Sunday, September 29, 2013

Tea Exports: From bulk to brands

India is established as bulk exporter of tea since a long time. In order to turn over to value added form The Tea Board is encouraging producers to promote brands in foreign markets. The country has failed in creating specific brands abroad with emphasis on fine blending. The constituents of majority of International blends contain leaves from India. Ironically the blends are being sold under foreign brands with no hint of India at all.       

Indian Tea Board plans to encourage tea producers to export premium tea that carry value addition. Premium black teas from Assam and Darjeeling tea from West Bengal have already created a niche in the global markets.  

Already major players like Wagh Bakri are pushing their flagship brands over board. The production capacity and blending expertise that the company has is leading success outside by leaps and bounds. 

The Indian tea Board is a statutory body under the aegis of Central Government Ministry of Commerce. The functions of this board is defined n the website as follows:

Tea Industry in India

Historically introduction of tea in India is a recent phenomenon. The beverage was introduced by the British during their rule in order to counter expanding Chinese tea industry. The British procured seeds of the tea plant from China and introduced it in Eastern India mainly in the state of Assam and West Bengal. The cultivation later spread to the Nilgiris in Southern India in the Western Ghats region.  

The introduction of tea consumption was initiated by the British. This led to inculcation of tea into Indian lifestyle. Today tea is widely consumed all over the country. After China, India is the largest producer of tea leaf in the World. The growth in terms of consumption a well as production has been tremendous. The country also exports the leaf to the tune of 2000 crores per year. 

The benefit has accrued from increased production and exports in terms of revenue generation. The industry is labor intensive hence offers jobs to a million laborers of which half are women. The cultivation in India takes place mainly in Assam, Darjeeling in West Bengal and the Nilgiri in the South.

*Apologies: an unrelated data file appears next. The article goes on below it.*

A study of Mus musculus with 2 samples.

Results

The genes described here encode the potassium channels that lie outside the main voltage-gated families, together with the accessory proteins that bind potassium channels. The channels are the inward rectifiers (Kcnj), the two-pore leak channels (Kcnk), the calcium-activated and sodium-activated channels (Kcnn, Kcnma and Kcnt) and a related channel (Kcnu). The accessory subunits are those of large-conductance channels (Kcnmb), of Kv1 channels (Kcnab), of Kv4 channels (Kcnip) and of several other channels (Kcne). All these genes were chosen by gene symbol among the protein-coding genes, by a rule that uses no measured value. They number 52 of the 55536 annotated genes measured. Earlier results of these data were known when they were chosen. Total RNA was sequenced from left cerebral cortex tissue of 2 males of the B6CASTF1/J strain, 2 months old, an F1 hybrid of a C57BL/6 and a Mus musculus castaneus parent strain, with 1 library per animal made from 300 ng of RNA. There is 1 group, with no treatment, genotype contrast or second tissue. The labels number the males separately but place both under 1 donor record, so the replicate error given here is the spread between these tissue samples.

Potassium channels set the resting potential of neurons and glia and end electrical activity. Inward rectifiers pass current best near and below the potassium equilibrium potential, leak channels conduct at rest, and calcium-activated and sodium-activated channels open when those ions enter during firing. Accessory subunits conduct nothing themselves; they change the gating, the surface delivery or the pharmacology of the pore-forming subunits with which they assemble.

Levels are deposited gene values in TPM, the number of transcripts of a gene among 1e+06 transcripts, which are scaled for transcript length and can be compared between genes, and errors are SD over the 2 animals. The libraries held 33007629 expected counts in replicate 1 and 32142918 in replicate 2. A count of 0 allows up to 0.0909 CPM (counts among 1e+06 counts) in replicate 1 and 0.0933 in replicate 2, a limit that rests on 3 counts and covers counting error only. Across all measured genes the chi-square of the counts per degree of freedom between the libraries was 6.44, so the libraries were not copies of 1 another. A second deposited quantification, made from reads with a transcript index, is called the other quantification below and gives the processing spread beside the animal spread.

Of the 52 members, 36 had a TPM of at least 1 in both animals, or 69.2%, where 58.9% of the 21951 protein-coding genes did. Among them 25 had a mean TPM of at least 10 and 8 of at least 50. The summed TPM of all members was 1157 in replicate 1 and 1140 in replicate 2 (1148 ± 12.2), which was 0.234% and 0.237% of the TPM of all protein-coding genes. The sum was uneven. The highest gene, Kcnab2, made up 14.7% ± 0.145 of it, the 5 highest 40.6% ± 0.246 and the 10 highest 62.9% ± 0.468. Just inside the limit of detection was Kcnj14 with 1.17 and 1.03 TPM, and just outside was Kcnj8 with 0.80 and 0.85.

A large number of tea estates are established in these regions. Most of the processing and packaging factories are also established within these estates or tea gardens as they are called. As in earlier times loose tea was circulated commonly before established brands came into the picture. Loose tea market in India is still substantial but the brand popularity has increased tremendously. 

The popularity of brands has introduced varied forms of tea blended to perfection. Black leaf from Assam is most popular but slowly premium varieties are also making their presence felt. Green tea and organic tea are also becoming popular. Besides the aromatic leaf from Darjeeling though expensive also finds consumers in India and abroad. 

Some of  the leading brands in India are:
Wagh Bakri Tea
Lipton Tea
Brook Bond
These brands have a large share of the packet tea market in India. Innovative packaging and fine art of blending various leaves has lead to increasing popularity of branded tea in India.                     

Thursday, September 12, 2013

Silk Business in India

Derived from the cocoon of the silkworm the fibers are woven into classic fabrics used as garments throughout the history. These garments were in the possession of the rich in earlier times but they can be afforded by the common man in the contemporary era.  

Hence the popularity of silk garments and fabrics is rising world wide. The product is not only used in making high fashion garments it is also popular among home furnishing items. Silk especially Dupioni Silk is used in making designer bedsheets, comforter sets, drapery and decorative pillows.   

Almost all of the silk production in India takes places in the states of Tamil Nadu, Andhra Pradesh, Jammu & Kashmir, Karnataka and West Bengal. The sericulture is prevalent in India since the Indus Valley Civilization in India. With the advance in production of silk weaving as a profession also developed in the country.  

Assam, South India, Gujarat and Malwa where important weaving centers using wide varieties of silk.  In the modern times pure silk usage has been reduced. The use of handlooms and powerlooms has also brought in dynamic changes in the industry.

The major products range from saris to contemporary garments created by fashion designers in India. The fabric as well as designer dresses are exported to many countries. While traditional varieties of silk are still in use Dupioni Silk takes precedent for home furnishings, interiors and fashion garments. Large quantities of Dupioni silk fabric is exported to many countries.  

The sericulture industry is at the forefront of job creation in India. With encouragement accorded by many Indian States more income opportunities will be created.